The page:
For many years companies implemented remote access technologies as a matter of convenience. These systems let team members work after hours from the comfort of their homes. Or they could work from a hotel room while traveling for business. These systems were often limited compared to working in the office but were enough for occasional use.
Remote access is no longer a convenience today, but a necessity due to the rapid spread of the COVID-19 virus. Companies might have to quarantine some employees returning from international travel for up to 14 days. Taken to extremes, companies may have to quarantine entire offices if they discover a case within the organization. The CDC is recommending that sick employees be separated from the team and sent home to avoid spreading the virus.
Is your company prepared for this type of event? Do you have a remote access infrastructure today? And is it robust enough to support the kind of use this pandemic may demand? Fortunately, companies have many ways to grant remote access to employees and limit potential exposure to COVID-19 or any virus in the future. Some of the largest companies have already implemented large-scale remote work policies to protect their employees.
The most basic method of remote access is through a Virtual Private Network (VPN). This allows users to establish a direct connection between their PC and the corporate network through the firewall. VPNs are simple to set up and use, offering a very similar experience to working in the office. But some applications may not work well over a VPN. Also, establishing a direct connection from a home network can expose the corporate network to outside threats. Care must be taken to mitigate these risks.
Remote Desktop Services
Using Remote Desktop Services (RDS), such as Citrix, organizations can offer a “virtual desktop” to remote users. With RDS, a user's PC acts as a “terminal” to remotely access the desktop that resides at the corporate office. Most applications will function well in an RDS environment. Since there isn't a direct connection between the home and corporate networks, the security risk is significantly reduced. However, RDS infrastructure can be costly and may not scale to support the entire organization in extreme situations.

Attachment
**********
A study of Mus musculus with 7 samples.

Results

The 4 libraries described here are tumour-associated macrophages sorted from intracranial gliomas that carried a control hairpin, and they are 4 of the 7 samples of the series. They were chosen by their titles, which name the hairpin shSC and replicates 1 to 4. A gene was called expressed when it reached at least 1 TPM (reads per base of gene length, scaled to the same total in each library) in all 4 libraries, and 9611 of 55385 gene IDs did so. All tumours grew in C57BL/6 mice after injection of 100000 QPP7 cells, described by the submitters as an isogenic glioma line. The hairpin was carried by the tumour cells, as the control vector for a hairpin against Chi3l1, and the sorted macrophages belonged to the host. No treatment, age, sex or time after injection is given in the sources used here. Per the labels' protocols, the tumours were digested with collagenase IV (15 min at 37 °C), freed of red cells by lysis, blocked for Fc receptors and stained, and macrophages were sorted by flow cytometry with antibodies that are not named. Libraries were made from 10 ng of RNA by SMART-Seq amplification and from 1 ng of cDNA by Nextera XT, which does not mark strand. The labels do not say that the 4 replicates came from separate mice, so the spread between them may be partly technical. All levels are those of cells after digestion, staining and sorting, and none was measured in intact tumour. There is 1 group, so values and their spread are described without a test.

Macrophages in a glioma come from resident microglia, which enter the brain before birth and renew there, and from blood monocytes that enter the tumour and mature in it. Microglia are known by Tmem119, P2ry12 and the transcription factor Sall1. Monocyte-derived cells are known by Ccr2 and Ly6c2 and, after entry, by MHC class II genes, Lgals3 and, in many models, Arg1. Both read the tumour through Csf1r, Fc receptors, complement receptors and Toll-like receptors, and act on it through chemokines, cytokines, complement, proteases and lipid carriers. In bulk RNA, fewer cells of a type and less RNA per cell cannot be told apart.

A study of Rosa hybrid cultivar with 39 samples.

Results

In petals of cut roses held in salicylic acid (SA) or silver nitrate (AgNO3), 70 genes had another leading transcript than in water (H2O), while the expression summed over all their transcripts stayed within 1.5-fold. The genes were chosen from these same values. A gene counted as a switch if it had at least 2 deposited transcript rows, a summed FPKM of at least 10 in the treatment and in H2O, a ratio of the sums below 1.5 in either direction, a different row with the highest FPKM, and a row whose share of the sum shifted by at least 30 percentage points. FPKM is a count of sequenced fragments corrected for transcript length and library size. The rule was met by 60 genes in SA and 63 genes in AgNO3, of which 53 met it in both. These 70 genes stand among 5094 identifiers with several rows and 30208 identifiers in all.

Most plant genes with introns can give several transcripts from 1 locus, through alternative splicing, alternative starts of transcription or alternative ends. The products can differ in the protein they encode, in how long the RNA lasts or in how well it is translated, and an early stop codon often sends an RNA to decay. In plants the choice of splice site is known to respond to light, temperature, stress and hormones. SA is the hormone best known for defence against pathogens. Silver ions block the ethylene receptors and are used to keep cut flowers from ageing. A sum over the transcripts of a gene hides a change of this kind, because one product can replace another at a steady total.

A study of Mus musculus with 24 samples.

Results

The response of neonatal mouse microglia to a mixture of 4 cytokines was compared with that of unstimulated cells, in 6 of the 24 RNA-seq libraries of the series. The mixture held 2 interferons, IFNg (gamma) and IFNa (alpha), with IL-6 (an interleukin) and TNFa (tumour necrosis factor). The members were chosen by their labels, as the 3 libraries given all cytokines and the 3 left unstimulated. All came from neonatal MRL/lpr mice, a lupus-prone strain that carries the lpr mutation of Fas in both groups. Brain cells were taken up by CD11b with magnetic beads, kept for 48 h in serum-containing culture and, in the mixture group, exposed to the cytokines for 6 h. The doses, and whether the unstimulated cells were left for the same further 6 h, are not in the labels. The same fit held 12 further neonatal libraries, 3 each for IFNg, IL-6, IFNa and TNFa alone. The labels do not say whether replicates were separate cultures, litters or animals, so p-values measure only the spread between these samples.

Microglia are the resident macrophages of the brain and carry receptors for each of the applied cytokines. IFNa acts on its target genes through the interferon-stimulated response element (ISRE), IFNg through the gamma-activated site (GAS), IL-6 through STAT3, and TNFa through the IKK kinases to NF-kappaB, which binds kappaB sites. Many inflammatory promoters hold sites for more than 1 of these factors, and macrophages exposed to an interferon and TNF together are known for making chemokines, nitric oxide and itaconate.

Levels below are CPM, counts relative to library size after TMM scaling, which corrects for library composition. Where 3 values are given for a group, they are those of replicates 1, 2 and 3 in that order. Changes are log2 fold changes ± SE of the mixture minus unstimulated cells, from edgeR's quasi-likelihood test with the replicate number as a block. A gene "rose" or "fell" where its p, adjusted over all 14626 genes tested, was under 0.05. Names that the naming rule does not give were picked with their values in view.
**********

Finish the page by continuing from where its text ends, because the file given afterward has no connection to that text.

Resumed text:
Many companies have started to move their IT to the cloud for various reasons. Remote access is inherent in any cloud strategy. By default, team members can access these services from anywhere. This strategy can range from hosting your existing servers in the cloud as virtual machines or moving to Software as a Service (SaaS) based applications.
Many companies, including SymQuest, offer cloud platforms that provide Infrastructure as a Service (IaaS). In this model, the same servers you use for data such as files, email, databases are instead hosted in a remote data center as virtual machines. The end-user experience is the same as if they were inside the corporate network. Again, the ability to access the servers from anywhere is built into the model by default.
Other companies have moved to SaaS-based applications that users can access via the Internet by default. Perhaps the most common example of these is Microsoft Office 365. Team members can communicate and collaborate from anywhere using Outlook, SharePoint, OneDrive, and Teams. This allows office productivity to continue regardless of where employees are located.
Remote access and connectivity is more crucial than ever for all organizations given the current crisis, no matter the method. Every organization should assess its remote access capabilities and determine if they're prepared for the worst-case scenario.